Delayed Bleeding Following Cold Snare Polypectomy for Small Colorectal Polyps in Patients Taking Antithrombotic Agents

Toshiyuki Makino, Akira Horiuchi, Masashi Kajiyama, Naoki Tanaka, Kenji Sano, Iruru Maetani
Journal of Clinical Gastroenterology 2018, 52 (6): 502-507

BACKGROUND: This study compared the incidence of delayed bleeding following 2 methods of cold snare polypectomy for colorectal polyps in patients taking antithrombotic agents.

METHODS: Patients undergoing cold snare polypectomy for colorectal polyps ≤10 mm without discontinuation of antithrombotic agents were enrolled. This was a retrospective study of a prospectively collected cohort based on a historical comparison of 2 time periods. A traditional cold snare was used between January 2012 and December 2013 and a dedicated cold snare was used between January 2014 and December 2015. Patients' and polyps' characteristics, antithrombotic agents used, the snare used, the number of clips used, and adverse events were documented from a hospital online database. Delayed bleeding was defined as bleeding that required endoscopic treatment within 2 weeks after polypectomy. The submucosal layer of the resected polyps (6 to 10 mm) was histologically examined for the presence of injured arteries.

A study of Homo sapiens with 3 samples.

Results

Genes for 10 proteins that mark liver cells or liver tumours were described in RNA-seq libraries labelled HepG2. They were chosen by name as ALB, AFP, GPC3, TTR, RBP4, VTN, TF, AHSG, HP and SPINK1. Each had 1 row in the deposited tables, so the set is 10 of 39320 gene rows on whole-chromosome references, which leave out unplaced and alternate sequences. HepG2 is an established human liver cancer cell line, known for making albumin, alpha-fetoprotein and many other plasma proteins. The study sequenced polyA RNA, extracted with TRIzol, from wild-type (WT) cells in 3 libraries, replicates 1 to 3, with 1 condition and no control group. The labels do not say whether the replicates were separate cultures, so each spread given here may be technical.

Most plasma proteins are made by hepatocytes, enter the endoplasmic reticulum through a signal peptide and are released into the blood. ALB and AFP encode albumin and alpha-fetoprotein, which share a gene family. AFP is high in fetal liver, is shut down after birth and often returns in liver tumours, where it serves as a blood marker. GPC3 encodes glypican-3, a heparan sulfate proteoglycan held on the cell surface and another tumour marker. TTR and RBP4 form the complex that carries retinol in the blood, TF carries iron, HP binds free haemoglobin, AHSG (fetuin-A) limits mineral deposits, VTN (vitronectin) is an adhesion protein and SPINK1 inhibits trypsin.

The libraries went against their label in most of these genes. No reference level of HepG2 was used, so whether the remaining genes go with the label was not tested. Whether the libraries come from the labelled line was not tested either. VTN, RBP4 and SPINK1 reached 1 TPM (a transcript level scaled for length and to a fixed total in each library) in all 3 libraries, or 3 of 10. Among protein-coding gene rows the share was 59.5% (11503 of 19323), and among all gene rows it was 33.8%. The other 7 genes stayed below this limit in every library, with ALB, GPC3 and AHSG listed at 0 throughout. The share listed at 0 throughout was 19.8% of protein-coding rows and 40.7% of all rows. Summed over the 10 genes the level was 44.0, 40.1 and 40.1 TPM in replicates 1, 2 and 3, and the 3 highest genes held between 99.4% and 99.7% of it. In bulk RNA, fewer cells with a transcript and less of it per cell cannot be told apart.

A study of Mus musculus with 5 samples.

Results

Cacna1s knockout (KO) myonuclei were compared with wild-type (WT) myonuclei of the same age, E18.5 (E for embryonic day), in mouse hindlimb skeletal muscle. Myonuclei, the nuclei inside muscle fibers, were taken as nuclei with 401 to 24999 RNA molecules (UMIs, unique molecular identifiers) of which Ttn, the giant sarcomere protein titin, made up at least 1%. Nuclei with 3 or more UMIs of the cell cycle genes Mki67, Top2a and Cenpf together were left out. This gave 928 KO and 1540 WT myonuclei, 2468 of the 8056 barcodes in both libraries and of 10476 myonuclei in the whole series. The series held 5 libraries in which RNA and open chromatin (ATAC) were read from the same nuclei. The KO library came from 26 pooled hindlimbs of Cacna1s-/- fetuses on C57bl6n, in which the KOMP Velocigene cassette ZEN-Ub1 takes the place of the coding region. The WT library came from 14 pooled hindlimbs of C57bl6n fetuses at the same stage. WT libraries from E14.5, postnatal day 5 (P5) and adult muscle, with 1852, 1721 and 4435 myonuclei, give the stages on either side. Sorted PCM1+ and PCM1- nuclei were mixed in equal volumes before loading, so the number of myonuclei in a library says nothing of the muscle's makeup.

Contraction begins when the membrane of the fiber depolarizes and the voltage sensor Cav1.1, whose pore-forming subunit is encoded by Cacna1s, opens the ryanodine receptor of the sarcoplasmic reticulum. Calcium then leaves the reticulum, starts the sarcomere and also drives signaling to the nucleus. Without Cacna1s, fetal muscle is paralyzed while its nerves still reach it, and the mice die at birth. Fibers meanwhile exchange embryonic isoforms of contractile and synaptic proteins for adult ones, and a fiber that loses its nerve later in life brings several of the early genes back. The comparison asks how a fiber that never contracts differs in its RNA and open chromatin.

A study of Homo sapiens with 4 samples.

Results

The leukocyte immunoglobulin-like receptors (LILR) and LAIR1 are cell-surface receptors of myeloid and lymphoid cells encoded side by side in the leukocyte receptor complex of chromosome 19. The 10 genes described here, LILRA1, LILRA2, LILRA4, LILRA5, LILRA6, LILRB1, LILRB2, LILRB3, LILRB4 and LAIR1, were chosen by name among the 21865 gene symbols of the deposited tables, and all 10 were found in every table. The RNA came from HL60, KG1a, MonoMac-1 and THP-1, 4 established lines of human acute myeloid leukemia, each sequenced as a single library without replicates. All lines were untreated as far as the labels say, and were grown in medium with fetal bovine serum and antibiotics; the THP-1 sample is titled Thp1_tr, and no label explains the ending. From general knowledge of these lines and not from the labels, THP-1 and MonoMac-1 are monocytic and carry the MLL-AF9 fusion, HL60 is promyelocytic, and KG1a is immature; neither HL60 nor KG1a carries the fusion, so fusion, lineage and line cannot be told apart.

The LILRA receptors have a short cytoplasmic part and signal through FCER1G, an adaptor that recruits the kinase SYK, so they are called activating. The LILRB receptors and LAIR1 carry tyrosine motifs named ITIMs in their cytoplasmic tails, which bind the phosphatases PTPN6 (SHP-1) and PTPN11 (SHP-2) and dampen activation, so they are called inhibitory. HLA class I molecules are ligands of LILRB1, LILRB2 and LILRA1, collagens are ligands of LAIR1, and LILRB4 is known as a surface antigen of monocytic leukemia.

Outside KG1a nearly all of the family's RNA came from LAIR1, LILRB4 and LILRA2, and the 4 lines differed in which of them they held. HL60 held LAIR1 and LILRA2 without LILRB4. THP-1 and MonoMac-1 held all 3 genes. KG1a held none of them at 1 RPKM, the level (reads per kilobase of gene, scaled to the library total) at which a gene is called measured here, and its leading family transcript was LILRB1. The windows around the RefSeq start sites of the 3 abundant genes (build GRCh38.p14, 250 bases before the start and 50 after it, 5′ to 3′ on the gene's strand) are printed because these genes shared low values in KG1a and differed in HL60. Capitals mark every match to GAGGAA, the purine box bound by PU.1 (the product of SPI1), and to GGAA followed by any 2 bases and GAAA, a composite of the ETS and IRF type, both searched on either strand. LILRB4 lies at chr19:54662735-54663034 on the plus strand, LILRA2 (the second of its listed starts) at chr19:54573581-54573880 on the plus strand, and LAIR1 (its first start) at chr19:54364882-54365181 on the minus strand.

RESULTS: A total of 172 patients having 370 eligible polyps were enrolled; traditional cold snare group, N=100 (212 polyps) and dedicated cold snare group, N=72 (158 polyps). The patients' and polyps' characteristics were similar between the 2 groups. Hemostatic clips were used more often with the traditional than dedicated cold snares [33/100 (33%) vs. 13/72 (18%), P=0.044]. Delayed bleeding following cold snare polypectomy occurred in 1.2% (2/172); 0% (0/72) with dedicated snare versus 2% (2/100) with the traditional snare (P=0.63). The presence of histologically demonstrated injured submucosal arteries with the dedicated cold snare was significantly less than with the traditional cold snare [4.1% (4/98) vs. 16% (17/105), P=0.009].

CONCLUSIONS: Colorectal polyps ≤10 mm can be removed without an increase in delayed bleeding using dedicated cold snare polypectomy in patients taking antithrombotic agents.